C.J. Urquico has lived on Guam for 19 years so he is used to a military backdrop to everyday life. US Navy ships visit, US Air Force jets fly overhead and war games are played off the Pacific island’s shores.
There soon will be another military element in the US territory — a defense system will be installed to shoot down incoming missiles and warheads. Its deployment comes amid intensifying threats from North Korea, which recently listed Guam among its targets for a nuclear attack on the US.
That Guam is a named player in a nuclear showdown is striking for an island known for its slow pace and laid-back attitudes.
“The worst thing that can happen is we allow it to terrorize us,” said Urquico, a 36-year-old creative director for a telecommunications company. “[While] there’s no real sinister feeling in the air, people are definitely paying attention. I mean, how many times do we ever trend on Twitter?”
The remote tropical island is no stranger to international conflict — its waters are a graveyard for rusting tanks from World War II and the oldest residents remember living under Japanese occupation — but residents say North Korea’s threat is not even attracting as much concern as a seasonal typhoon.
“Our sales have been pretty steady,” said Michael Benito, general manager at Payless Supermarket in Tamuning on the west side of the island, explaining that there has not been a rush to buy canned goods such as Spam and corned beef.
“There hasn’t been any bump in sales,” he said.
Benito said most people on Guam are generally prepared for disasters given the region’s frequent storms, and are well-equipped with flashlights and other necessities.
“Fortunately, everybody has concrete homes here so we’re sort of a bunker already,” said Leonard Calvo, vice president of Calvo Enterprises, a firm that invests in insurance, real estate, media and retail, as well as other businesses in Guam and other islands.
The businessman from Maite said North Korea’s threats have been the topic of conversations at recent family barbecues, but most people are still skeptical of what North Korea can do.
“I think this guy from North Korea is just puffing out his chest,” Calvo said. “A lot of people are numb to it.”
Social media is abuzz with memes mimicking North Korean leader Kim Jong-un, with one joking that he is worried about “Guam bombs,” a popular term for beat-up used cars on Guam, but others are not taking the talk lightly.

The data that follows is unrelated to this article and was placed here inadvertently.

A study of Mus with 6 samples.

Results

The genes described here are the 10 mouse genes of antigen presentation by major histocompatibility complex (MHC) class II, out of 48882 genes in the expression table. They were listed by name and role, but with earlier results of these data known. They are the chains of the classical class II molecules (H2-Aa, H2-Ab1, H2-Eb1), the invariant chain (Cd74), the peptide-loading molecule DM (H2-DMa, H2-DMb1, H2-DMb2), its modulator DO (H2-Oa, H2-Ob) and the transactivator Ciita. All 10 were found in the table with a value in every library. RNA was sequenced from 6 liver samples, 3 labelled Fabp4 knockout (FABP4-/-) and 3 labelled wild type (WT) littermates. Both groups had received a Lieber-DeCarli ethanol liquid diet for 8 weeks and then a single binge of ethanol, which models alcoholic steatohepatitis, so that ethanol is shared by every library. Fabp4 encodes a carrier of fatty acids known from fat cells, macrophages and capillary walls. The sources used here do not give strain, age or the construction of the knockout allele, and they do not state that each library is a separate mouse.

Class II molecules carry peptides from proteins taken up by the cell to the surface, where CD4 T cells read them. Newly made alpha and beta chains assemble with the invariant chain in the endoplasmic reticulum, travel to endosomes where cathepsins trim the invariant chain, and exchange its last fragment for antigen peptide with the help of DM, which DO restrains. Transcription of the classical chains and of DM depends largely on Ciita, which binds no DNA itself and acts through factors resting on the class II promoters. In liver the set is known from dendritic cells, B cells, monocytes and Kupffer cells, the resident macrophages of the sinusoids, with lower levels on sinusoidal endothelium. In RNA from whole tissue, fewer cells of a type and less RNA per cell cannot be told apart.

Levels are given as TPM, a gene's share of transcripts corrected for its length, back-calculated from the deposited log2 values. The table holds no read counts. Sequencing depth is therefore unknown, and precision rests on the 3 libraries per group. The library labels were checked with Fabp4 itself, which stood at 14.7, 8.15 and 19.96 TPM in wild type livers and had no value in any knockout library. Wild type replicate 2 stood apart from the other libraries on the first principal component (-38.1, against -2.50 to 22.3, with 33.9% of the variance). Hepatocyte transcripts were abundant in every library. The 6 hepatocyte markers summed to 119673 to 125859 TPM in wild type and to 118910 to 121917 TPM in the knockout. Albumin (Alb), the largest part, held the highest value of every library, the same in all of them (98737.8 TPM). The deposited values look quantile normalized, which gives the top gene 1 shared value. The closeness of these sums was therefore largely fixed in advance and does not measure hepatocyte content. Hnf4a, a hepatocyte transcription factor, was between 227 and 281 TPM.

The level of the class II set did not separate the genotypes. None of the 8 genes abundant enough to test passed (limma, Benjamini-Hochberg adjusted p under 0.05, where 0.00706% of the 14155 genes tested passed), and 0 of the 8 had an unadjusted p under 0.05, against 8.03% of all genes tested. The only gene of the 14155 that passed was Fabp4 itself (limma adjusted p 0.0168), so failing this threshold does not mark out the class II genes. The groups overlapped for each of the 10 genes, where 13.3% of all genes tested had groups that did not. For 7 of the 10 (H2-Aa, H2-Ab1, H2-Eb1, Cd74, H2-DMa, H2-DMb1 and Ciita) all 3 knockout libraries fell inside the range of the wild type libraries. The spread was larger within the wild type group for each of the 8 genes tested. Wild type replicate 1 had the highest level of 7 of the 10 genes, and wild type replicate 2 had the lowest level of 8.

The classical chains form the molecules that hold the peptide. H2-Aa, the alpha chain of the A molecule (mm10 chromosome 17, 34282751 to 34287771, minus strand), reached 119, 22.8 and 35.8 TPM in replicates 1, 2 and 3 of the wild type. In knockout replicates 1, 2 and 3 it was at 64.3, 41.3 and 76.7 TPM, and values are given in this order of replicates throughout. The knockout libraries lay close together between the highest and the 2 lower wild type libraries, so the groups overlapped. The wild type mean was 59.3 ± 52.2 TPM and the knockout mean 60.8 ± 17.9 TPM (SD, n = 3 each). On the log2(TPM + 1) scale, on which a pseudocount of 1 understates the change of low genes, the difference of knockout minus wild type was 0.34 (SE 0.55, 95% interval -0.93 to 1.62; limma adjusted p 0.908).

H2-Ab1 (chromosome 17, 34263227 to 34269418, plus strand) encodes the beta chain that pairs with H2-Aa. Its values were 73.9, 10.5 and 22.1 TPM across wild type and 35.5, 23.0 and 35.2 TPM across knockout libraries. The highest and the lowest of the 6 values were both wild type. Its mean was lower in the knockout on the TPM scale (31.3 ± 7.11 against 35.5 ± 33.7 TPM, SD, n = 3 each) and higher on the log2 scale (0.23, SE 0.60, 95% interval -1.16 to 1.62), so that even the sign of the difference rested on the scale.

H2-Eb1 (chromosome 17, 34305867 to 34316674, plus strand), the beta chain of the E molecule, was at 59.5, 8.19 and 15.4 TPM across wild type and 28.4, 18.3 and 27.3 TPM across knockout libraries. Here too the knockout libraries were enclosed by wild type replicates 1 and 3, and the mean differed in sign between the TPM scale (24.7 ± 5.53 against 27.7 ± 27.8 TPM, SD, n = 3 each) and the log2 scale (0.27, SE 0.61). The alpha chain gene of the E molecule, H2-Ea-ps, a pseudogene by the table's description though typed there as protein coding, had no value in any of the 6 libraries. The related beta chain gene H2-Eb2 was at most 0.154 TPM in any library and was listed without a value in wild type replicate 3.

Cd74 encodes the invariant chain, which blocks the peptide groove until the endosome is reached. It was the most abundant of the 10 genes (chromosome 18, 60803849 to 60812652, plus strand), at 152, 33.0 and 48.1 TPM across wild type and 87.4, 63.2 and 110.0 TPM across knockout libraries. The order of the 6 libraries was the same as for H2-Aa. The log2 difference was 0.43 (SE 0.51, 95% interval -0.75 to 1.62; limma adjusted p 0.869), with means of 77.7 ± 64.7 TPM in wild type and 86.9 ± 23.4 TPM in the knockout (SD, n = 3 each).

Large headlines about the threats have flashed across the island’s main news Web site for the past week and some residents are brainstorming plans in case the worst-case scenario comes true.
Thomas Perez, an 18-year-old student at Guam High School, said he has already picked out a place to barricade himself in case the attack occurs.
“I could probably get there in 15 minutes,” he said, adding that he is worried about the effects of nuclear fallout.
Perez is not the only one thinking about emergency shelter, Guam Governor Eddie Baza Calvo said the government is providing information to help residents prepare in case of an attack, including guidance for where to hide if radiation is in the air.
Calvo said an attack is unlikely and he has advised the public to go on with their daily lives, but he also said no one can be 100 percent sure of their safety.
“As a governor, and a father and a husband and a grandfather, I do have some concerns because of the proximity of Guam to North Korea,” he said. “We are about a three-hour flight away. That’s about half the distance from Guam to Hawaii.”
Several Guam residents say that they are confident that the missile defense system has what it takes to stop any offense North Korea may launch.
The system on its way to the island is part of a “layered” defense giving the military multiple opportunities to shoot down incoming missiles and warheads before they reach their targets. It is specifically designed to shoot down missiles during their final stage of flight and is expected to arrive on Guam within the next few weeks.
Even if nothing more happens, for some residents the international attention is significant in itself.
University of Guam president Robert Underwood said the threat is an opportunity for students and educators to discuss Guam’s role in global military strategy. Urquico said it is a geography lesson, at least.
“I’ve never heard anyone make a direct threat to Guam,” Urquico said. “My response was: ‘Wow, they can find Guam on the map? Most Americans can’t.’”
AP writers Anita Hofschneider, Oskar Garcia and Audrey McAvoy contributed to this report from Honolulu.